The $6.8 billion Exelon acquisition of Washington, D.C.–based Pepco Holdings jumped its final hurdle Wednesday (March 23), as the District of Columbia Public Service Commission approved the deal by a 2-1 vote.

The Washington Post described the action by the local regulators as “a surprise move.”

The approval, following earlier thumbs-ups from the Federal Energy Regulatory Commission, the Justice Department, and the states of Maryland, Delaware, and New Jersey, would create the nation’s largest publicly held utility in terms of number of customers. The companies announced their deal to combine nearly two years ago, in April 2014. The combined utility will have about 10 million customers and a rate base of $26 million, according to the Pepco website. The company had 2015 revenues of $29.4 billion.

Chicago-based Exelon also owns operating utilities across the Midwest and the Middle Atlantic. Pepco Holdings includes Pepco (nee Potomac Electric Power Co.), which serves most of D.C. and a substantial portion of the Maryland suburbs; Atlantic City Electric in New Jersey; and Delmarva Power, serving much of the Delmarva Peninsula.

The lengthy procedure before the D.C. commission was convoluted and enmeshed in local politics. The commission had twice rejected the merger, most recently in late February, in a move that foreshadowed the final approval of the deal. After the February machinations over the controversial merger, D.C. Mayor Muriel Bowser and other Democratic political leaders in the city lined up in opposition. Washington’s business interests were behind the merger. Exelon and Pepco had been blanketing the city with print and broadcast advertising touting the value of the deal to the city and its customers.

Just days before the vote, the General Services Administration, the federal government’s property manager, came out against a late proposal by the two utilities to save the merger by offering a $72 million “customer investment fund.” GSA cited the continuing division and controversy over the merger as a reason for its rejection recommendation.

That GSA action, and opposition to the deal from local elected officials, led to pessimism about approval. The Utility Dive newsletter, just hours before the commission voted for the deal, wrote that multiple analysts expected regulators to reject the merger.

Instead, the commission concluded that the deal “was in the public interest,” and benefits of the merger, including the $72 million fund, “would not be available to district ratepayers if the merger is not approved.”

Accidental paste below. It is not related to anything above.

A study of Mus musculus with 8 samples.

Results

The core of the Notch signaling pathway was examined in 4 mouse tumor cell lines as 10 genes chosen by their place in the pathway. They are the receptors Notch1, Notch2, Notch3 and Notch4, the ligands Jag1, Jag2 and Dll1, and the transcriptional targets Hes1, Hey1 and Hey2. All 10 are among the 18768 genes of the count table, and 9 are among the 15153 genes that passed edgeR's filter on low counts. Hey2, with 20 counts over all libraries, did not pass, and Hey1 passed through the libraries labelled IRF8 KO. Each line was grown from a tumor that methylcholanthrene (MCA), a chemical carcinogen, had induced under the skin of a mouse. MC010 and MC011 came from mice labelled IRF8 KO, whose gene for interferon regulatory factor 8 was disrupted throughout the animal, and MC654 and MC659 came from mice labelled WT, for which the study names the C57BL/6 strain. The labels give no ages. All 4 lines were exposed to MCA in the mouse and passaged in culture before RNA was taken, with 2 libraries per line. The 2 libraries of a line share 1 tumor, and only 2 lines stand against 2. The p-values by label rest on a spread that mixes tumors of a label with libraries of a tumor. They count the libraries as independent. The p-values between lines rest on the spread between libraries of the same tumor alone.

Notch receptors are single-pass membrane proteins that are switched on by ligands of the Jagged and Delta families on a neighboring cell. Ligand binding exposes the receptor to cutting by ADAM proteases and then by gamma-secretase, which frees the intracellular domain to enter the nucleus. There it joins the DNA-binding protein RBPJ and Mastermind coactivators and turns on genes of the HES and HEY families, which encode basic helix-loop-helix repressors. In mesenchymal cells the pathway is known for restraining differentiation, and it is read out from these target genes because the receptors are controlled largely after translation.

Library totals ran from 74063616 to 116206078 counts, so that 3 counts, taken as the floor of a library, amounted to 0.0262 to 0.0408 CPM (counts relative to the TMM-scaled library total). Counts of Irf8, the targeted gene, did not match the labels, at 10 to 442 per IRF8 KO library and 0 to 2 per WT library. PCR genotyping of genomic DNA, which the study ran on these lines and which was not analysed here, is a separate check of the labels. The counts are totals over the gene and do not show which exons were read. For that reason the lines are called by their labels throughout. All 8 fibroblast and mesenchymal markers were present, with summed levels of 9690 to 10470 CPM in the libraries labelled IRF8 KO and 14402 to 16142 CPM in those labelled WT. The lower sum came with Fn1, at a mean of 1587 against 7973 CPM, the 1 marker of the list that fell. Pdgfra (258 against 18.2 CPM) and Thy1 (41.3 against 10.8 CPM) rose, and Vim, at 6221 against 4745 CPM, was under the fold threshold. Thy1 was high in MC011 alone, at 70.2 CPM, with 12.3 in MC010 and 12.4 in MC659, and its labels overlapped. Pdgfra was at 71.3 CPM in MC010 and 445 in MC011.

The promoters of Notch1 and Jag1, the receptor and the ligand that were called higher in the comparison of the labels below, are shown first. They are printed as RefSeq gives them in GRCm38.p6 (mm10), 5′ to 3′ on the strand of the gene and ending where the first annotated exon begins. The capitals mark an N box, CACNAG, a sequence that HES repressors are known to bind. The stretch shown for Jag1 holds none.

The Washington Post described the scene as the PSC voted: “In a standing-room only hearing, dozens of attorneys and more than a hundred supporters and opponents of the merger went silent as the commission chairman read the order, and immediately after neither Pepco nor Exelon claimed victory. That’s in part because some players could still seek a stay to halt implementation of the order.”

Betty Ann Kane, the commission chair, voted against the merger, as she had in all previous votes on the deal, but Commissioners Joanne Doddy Fort and Willie L. Phillips voted in favor.

Commission Chair Betty Ann Kane opposed the merger of Exelon and Pepco to the end. Courtesy: District of Columbia Public Service Commission
Commission Chair Betty Ann Kane opposed the merger of Exelon and Pepco to the end. Courtesy: District of Columbia Public Service Commission

Opponents of the merger vow to mount a rear-guard campaign, which could complicate the eventual combination. PowerDC, a consumer organization, said it will “fight Exelon every step of the way to ensure D.C. and region do not suffer the same fate as Exelon’s other customers.” Mary Cheh, a member of the D.C. city council, told the Post, “What we’re doing here is fundamentally not in the public interest for the ratepayers or people of the District of Columbia.” She added, “Exelon is a power generator who wants to sell more power. We want to encourage less energy use and conservation—it’s a conflict.”

Business interests saw the vote differently. James Dinegar, chairman of the Greater D.C. Board of Trade, long a major player in D.C. politics, told the newspaper that the decision is “a catapult for the region . . . as a place to do business because we now have the strongest, best power company in the country.”

Kennedy Maize is an energy journalist and frequent contributor to POWER.